Corporate businesses worldwide are adopting a growing array of environmental, social and governance (ESG) policies to promote sustainability – but are their operations keeping up?
Rising standards for corporate performance are putting pressure on the private sector to raise its game in terms of ESG, according to Darryll Kilian partner and principal environmental consultant at the global firm of engineers and scientists, SRK Consulting
“This means that companies must stay up to date with fast-changing requirements, but at the same time must understand how their operations on the ground need to respond,” said Kilian. “Our work in the field of water stewardship, for example, shows that companies achieve quite variable rates of success when implementing corporate decisions at operational level.”
He pointed out that corporate strategic efforts are usually driven from head office and board level, and are expected to be uniformly rolled out by group operations to equivalent standards. However, this practical implementation often faces considerable challenges, especially where there is misalignment between the corporate vision and the operations’ daily concerns.
“Many large companies struggle to turn visionary ambitions into action,” he said. “An important factor here is when head office is not fully cognisant of the day-to-day frustrations of their on-site staff, or if their operations are not on board with headquarters’ plans.”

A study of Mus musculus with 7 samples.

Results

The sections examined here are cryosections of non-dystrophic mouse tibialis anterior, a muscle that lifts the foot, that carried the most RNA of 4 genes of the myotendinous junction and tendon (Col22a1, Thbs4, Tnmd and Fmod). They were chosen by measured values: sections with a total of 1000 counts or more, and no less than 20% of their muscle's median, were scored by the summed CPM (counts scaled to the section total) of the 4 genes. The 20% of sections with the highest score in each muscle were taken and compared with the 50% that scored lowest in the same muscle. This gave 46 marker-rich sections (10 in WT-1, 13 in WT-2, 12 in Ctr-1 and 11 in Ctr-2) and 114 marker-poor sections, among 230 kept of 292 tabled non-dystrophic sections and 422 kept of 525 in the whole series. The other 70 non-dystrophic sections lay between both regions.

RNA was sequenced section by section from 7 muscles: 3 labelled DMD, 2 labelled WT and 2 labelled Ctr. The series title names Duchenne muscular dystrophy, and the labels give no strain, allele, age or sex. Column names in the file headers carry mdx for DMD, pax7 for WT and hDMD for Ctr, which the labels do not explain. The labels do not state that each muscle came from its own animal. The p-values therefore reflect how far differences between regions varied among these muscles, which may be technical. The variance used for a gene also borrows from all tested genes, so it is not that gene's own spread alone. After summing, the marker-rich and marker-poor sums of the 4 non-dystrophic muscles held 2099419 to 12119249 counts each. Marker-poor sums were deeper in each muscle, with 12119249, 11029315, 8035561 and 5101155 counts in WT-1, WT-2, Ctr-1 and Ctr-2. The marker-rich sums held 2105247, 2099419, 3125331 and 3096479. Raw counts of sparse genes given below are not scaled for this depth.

SRK’s ESG involvement
An aspect of ESG where SRK has frequently encountered such conditions is related to water management, according to SRK Consulting senior environmental scientist Tamaryn Hale. With the growing focus on water stewardship, many corporates are driving related initiatives from the highest levels. SRK’s credentialed scientists assist clients in this journey, including the achievement of certification from the Alliance for Water Stewardship (AWS).
“It is expected that these water stewardship policies and plans are applied at operational or site level,” said Hale. “The challenges appear when site personnel have what may be considered more pressing demands, or indeed may not have the capacity to follow through.”
The water stewardship journey can indeed be initially intimidating for companies, she noted, but can be effectively achieved with sufficient communication, planning and commitment of resources and expertise. At its core, the strategy assists companies to consider not just their internal water needs but the full life-cycle of the water they rely upon for commercial success.
“This includes understanding the needs and contribution of other stakeholders in their catchment area, and engaging to ensure positive outcomes for all,” she explained. “A critical step is to ensure that head office communicates these priorities through its ranks, so that everyone shares an appreciation of the goal.”
She highlights the importance of creating an enabling company culture, and to build the capacity to implement these initiatives. Where a business is looking to make changes for the better, it will invariably need to invest resources and expertise so the work is effectively carried out, said Hale.